George Coval- F/V Scuttlebutt
George Coval is a long-standing part of this gillnet fishery. He has been home, in Alaska, since the day he arrived from Maine in 1978. As an Alaskan he is proud to work with the vibrancy of this resource state to provide for his family and for other’s who don’t have the opportunity to fish for theirs. “It is about access,” Coval explains, “not everyone has the means to fish for their own we provide the access to a good product.”
The Copper River Fishery maintains with an intact watershed where bounty and wildness remain. The fish that come from this region travel 300 miles from the ocean through rugged terrain and unspoiled icy waters to reach their spawning grounds. The fishermen extend their nets in the flats of the Copper River Delta, just before the salmon make their journey up. The salmon caught from this region are plump, vibrant, and rich in nutrients from the waters they come from, but it is no easy job.
In the twenty years George has been salmon fishing he reminisces about his early days when he was a greenhorn in his own right. The openers are long, the conditions can be rough, and there are many learning curves to overcome. But at the end of the day when you look out at your surroundings, you really can’t beat it. “There are not many occupations you can continue doing to the end, but this is one of them. I learned a lot from the old timers when I first started and I hope to pass that along as I continue to be a part of this fleet.”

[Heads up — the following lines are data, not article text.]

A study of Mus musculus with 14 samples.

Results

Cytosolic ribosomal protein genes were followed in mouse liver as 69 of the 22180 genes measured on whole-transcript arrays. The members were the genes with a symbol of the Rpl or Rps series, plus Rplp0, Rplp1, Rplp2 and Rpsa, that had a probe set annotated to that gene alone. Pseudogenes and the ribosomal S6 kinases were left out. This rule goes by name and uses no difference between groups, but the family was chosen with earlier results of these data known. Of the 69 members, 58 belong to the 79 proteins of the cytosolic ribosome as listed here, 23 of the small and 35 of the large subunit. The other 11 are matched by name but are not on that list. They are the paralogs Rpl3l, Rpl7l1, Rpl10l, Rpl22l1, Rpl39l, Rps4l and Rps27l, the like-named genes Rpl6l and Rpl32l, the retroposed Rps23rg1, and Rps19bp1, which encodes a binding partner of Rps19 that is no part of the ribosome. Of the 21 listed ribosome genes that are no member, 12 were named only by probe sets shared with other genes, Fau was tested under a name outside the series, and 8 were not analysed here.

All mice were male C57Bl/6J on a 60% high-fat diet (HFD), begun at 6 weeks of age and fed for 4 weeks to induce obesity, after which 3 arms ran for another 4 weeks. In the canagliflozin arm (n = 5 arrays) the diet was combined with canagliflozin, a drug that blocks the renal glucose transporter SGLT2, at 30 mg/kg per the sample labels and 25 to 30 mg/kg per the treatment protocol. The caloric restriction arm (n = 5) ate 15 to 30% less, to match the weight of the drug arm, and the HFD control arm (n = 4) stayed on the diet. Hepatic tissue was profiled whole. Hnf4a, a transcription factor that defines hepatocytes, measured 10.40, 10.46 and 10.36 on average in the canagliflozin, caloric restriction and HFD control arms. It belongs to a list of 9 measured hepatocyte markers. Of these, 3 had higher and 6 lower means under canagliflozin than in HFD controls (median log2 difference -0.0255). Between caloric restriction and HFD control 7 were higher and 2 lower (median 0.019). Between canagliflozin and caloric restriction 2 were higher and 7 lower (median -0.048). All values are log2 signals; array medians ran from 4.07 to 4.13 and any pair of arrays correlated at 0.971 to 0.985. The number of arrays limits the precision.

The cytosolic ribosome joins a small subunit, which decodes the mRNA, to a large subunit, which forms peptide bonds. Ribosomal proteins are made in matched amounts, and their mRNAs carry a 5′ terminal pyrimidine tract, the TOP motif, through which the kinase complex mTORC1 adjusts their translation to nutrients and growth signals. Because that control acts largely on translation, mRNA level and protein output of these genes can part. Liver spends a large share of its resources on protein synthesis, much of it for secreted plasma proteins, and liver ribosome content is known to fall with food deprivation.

This fishery is multi-generational. It is esteemed to be past down to the next because it is the heart of this community. The longevity of the run is vital and while salmon are naturally renewable it is important to help encourage their return through enhancement. The demand for protein is on the rise and it is important to supplement the wild runs through the hatchery program. “It is like ocean ranching,” George explains, “we basically rear, feed and release them and they return according to their natural cycle.” It is the wild west of the west, still wild and still rearing.
Fall has rounded the corner. Boats are being pulled out of the harbor, and projects are being checked off. George reflects on the end of the season, “This is the fun part of the year watching migrations, hunting, and harvesting silvers, it’s when work and play are one in the same.” It’s no wonder this lifestyle becomes something you can come back to year after year.
“Fish, forests, wildlife, grasslands, and all other replenishable resources belonging to the State shall be utilized, developed, and maintained on the sustained yield principle, subject to preferences among beneficial uses.”